Release Date: June 5th, 2012
Genre: Young Adult, Fantasy
Guest Reviewer: Heartless Lyn
Blurb: Alina Starkov doesn’t expect much from life. Orphaned by the Border Wars, the one thing she could rely on was her best friend and fellow refugee, Mal. And lately not even that seems certain. Drafted into the army of their war-torn homeland, they’re sent on a dangerous mission into the Fold, a swath of unnatural darkness crawling with monsters who feast on human flesh.
When their convoy is attacked, all seems lost until Alina reveals a dormant power that not even she knew existed. Ripped from everything she knows, she is whisked away to the royal court to be trained as a member of the Grisha, the magical elite led by the mysterious Darkling. He believes she is the answer the people have been waiting for: the one person with the power to destroy the Fold.
Swept up in a world of luxury and illusion, envied as the Darkling’s favorite, Alina struggles to fit into her new life without Mal by her side. But as the threat to the kingdom mounts, Alina uncovers a secret that sets her on a collision course with the most powerful forces in the kingdom. Now only her past can save her . . . and only she can save the future.
Review: Leigh Bardugo’s launched into the young adult field with her first novel, Shadow and Bone. In the debut book, we follow a young orphan girl, Alina Starkov , as she discovers her newly found talent as a Grisha: powerful people who can manipulate magical elements. While serving in the army with her childhood friend, Mal, Alina stumbles onto her powers as the military unit attempts to cross an evil, dark encased section of land dubbed the Fold. Alina is swiftly enfolded into another world as she is adopted into the Grisha court, where the head Grisha, the Darkling, entices her with lust and power. Alina soon begins to understand that her true source of power depends heavily on her own merits, and as she begins to understand which are friends and which are foes, she has to learn to rely on her own merits to save the future of the land.
Shadow and Bone is a book that is hard to compare to any other book I have read in the young adult section. Bardugo’s world building heavily borrows from Russian culture, which is reflected in the names of the characters, the clothing donned by the Grisha, and other cultural centered details of the story, including movars and samovars. For someone who is not well versed in all things Russia, the experience was an enjoyable trip into a culture that is not widely employed in teen literature.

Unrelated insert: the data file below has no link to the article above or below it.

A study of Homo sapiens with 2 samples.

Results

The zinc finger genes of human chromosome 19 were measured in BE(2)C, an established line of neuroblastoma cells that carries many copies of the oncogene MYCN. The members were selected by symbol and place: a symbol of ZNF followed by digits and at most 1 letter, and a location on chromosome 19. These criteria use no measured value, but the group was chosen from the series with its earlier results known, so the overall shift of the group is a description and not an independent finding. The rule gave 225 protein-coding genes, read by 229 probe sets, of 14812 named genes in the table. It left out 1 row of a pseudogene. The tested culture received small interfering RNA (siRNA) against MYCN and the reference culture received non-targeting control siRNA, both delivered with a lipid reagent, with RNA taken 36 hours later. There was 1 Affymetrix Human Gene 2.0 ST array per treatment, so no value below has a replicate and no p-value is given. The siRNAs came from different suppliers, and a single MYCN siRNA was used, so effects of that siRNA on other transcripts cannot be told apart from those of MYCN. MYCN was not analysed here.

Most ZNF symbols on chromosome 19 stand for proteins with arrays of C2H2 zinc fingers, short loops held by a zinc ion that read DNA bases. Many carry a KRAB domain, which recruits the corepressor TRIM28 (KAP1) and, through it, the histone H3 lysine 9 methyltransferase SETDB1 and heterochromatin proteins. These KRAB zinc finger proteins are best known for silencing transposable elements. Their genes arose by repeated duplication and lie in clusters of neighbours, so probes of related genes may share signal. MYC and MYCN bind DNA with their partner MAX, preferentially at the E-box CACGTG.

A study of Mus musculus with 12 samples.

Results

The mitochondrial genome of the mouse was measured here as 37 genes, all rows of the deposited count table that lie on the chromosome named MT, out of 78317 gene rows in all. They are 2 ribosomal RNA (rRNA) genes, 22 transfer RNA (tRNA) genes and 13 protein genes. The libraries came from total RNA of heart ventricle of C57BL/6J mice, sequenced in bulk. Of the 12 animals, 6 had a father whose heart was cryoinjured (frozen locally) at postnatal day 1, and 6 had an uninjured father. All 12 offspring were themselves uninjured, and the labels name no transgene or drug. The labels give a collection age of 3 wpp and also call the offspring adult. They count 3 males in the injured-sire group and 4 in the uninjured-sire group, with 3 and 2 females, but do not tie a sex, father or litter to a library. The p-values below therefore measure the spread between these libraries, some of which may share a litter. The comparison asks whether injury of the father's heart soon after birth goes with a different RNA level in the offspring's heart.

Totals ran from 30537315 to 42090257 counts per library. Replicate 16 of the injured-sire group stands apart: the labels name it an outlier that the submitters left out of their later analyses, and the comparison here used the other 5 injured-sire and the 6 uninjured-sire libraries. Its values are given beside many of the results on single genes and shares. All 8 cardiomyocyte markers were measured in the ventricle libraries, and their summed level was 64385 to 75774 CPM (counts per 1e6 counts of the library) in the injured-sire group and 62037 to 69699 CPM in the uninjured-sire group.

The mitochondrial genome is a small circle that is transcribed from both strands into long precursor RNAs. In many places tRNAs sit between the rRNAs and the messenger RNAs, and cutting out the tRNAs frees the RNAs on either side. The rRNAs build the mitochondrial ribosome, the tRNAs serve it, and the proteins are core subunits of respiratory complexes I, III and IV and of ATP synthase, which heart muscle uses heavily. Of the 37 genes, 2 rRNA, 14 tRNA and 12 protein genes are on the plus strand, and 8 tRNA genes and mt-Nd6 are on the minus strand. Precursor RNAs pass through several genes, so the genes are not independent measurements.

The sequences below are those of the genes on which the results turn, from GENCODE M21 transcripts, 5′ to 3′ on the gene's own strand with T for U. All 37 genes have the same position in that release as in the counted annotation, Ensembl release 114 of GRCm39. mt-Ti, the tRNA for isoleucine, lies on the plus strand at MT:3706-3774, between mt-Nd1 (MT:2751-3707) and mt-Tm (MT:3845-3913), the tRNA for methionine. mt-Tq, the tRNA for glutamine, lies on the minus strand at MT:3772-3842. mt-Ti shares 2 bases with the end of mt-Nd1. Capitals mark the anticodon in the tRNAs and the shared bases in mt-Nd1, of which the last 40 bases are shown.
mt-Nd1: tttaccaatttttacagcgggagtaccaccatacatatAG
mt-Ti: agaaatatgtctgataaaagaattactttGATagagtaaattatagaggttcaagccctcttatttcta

The protagonist struggles with the same complex issues of self image to help the typical reader identify with the story, but Bardugo performs her magic and brings in this wonderful element: outer beauty depends on inner beauty. Yes, girls, when you feel confident in yourself, your life, and your own identity, you are going to look fabulous. I am not talking about “love yourself and you too can look like Scarlett Johansson!” magic (however, if you ever discover this, please contact me ASAP). Alina does not become the MOST BEAUTIFUL Grisha to ever exist, but when she lets go of her anger, self doubt, and self denial, she embraces an outer glamour that is her own. This healthy dose of knowledge is constantly force fed to youth, but you never realize how important self worth plays in attraction. I never understood that concept until I saw it happen for me personally. I am no raving beauty. I’m not fishing for compliments; facts are facts. I come from a long line of highly unattractive people, but I have plenty of friends and attention because I respect who I am. A pretty face only lasts so long, but a positive self identity stays for life. This merit does not simply end with physical attraction. Compassion enters into the field, and Alina witnesses that justice can be used to outshine the darkest of times. Our main character also realizes that mercy is stronger than brutality. The good old advice of “catching insects with honey instead of vinegar” provides the stage for a very moving chapter in the book. You’re going to need to get the tissues. You have been fairly warned.
I also cannot talk about this book without mentioning that Bardugo ventures away from the dull, formulaic plot devices and shreds everything you know as she rolls out the best plot twist on this side of contemporary fiction. Dedicated readers will understand the woe of fine tuned book instincts–you see the concealed secrets, the hidden identities, and the ploys and fabrications from a mile away–aka “my story senses are tingling”. If you have read books for nearly your entire life, you get the gist. So imagine my surprise when I WAS BLOWN OUT OF THE WATER. I haven’t been this surprised in a very long time.